China’s ban on plastic waste imports from rich countries has not stopped those countries from importing to other developing countries around the world. A recent Greenpeace report found that plastic waste exported from the United States to Malaysia more than doubled compared to 2017. The report claimed that Malaysia had become the “new dumping site for plastic ‘recycling.’”
Yet it appears as if that won’t last much longer. The government of Malaysia announced it will be sending back more than 3,000 tons of contaminated plastic waste — 60 containers — to the countries that shipped it.
Malaysia’s Prime Minister Mahathir Mohamad said on Thursday that the country is struggling to cope with its own waste problem. He said it is unfair for rich countries to send their waste to poorer ones.
“[I]t is grossly unfair for rich countries to send waste to poor countries simply because the poor countries have no choice... maybe it contributes a little to their economy,” Mahathir said. “This is going to be a problem for the whole world. We are producing too much waste, and you have a problem trying to get rid of the waste.”
“We cannot accept that kind of idea, that waste from rich countries should be sent to poor countries,” he added. “Please remember that when you pollute one part of the world you pollute the rest of the world also, because these things tend to float all over the world.”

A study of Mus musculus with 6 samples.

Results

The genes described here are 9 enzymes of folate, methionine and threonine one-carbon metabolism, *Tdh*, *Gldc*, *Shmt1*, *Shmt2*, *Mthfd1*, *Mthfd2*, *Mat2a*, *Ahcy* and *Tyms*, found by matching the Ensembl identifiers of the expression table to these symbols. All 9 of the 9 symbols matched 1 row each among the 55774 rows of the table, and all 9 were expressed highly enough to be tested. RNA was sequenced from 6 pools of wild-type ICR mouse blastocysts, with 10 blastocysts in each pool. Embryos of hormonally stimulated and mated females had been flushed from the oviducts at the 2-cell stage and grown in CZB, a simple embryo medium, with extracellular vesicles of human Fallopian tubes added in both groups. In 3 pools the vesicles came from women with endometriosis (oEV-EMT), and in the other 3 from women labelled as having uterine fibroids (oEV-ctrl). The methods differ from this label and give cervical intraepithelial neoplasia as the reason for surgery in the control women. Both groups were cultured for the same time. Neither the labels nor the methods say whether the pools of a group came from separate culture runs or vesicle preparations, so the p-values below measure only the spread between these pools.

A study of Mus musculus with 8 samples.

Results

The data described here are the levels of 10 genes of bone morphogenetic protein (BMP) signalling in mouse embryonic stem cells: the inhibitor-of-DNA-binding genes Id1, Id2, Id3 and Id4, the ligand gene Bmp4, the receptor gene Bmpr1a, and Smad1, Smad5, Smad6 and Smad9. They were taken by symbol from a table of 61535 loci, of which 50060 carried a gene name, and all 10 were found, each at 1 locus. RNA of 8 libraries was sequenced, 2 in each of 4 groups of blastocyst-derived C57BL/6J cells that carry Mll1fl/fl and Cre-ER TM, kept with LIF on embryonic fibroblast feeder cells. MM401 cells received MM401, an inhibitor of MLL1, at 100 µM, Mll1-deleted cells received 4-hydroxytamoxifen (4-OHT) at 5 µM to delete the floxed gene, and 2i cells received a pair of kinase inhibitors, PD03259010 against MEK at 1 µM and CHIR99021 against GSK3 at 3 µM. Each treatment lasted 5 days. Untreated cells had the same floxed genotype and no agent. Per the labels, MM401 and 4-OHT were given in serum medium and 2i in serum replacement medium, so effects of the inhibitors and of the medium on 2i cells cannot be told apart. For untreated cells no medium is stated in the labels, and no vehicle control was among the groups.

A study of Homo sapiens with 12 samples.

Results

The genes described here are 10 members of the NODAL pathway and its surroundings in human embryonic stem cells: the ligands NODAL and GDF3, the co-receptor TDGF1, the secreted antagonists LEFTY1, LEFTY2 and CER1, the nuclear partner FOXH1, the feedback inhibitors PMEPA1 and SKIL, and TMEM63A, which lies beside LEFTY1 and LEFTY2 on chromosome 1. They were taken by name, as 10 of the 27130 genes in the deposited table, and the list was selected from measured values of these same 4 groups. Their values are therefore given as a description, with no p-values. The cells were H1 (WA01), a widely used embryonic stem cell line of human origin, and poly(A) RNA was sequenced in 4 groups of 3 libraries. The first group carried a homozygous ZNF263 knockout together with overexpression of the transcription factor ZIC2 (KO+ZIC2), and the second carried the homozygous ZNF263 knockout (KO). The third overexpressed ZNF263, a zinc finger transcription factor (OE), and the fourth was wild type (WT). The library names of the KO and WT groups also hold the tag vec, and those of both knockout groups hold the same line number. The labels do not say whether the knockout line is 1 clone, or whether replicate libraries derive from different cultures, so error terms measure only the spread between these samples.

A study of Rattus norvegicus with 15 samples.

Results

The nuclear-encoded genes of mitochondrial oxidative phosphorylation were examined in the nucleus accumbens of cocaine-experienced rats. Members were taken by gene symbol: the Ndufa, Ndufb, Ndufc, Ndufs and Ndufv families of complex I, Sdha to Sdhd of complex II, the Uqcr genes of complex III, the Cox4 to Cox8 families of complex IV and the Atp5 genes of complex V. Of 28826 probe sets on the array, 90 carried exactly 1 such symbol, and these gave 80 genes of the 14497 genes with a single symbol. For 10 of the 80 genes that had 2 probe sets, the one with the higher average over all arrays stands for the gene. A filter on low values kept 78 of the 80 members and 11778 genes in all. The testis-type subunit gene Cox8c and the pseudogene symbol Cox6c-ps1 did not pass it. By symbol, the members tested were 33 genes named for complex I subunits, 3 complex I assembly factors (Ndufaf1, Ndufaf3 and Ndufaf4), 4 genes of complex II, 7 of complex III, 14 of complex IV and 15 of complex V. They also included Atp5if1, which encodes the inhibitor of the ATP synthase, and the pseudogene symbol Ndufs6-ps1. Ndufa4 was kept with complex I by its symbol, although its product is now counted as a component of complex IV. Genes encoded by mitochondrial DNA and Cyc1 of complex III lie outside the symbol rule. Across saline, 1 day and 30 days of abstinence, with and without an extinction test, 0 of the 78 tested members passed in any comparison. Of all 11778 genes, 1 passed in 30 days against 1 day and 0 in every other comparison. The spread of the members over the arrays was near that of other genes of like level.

Five containers of waste were returned to Spain in April from Malaysia.
“The Malaysian plastic recycling industry is overwhelmed by the influx and cannot accommodate the waste in a way that is sustainable and acceptable by the government’s own standards,” said Heng Kiah Chun, Public Engagement Campaigner at Greenpeace Malaysia.
The Philippines also said last week it would ship back containers of garbage which officials said had been legally shipped from Canada, signaling a bigger shift in countries cracking down on illegal imports. Sixty-nine shipping containers of Canadian trash are said to be on their way back to Vancouver today.
“The problem is not only a Malaysian problem,” Heng said. “The international waste trade system itself is broken and based on false assumptions about what really happens with waste.”
Heng added that countries should put in place policies to reduce the consumption of single-use plastics.
Only 9 percent of the world’s plastic is recycled, according to a paper published in Science Advances in 2017. Most of what consumers believe they are recycling ends up in landfills or in the ocean. Since China’s ban, some who work in the recycling world have expressed concerns about not being able to maintain incoming waste, describing a significant disruption to U.S. recycling programs.
When plastic is being transported to landfills abroad, it is often blown away into the ocean. An estimated 80 percent of ocean plastics come from land-based sources, and 20 percent from marine, according to the nonprofit Our World in Data. If this pace of pollution continues, researchers estimates by 2050 the world will have produced 26 billion metric tons of plastic waste.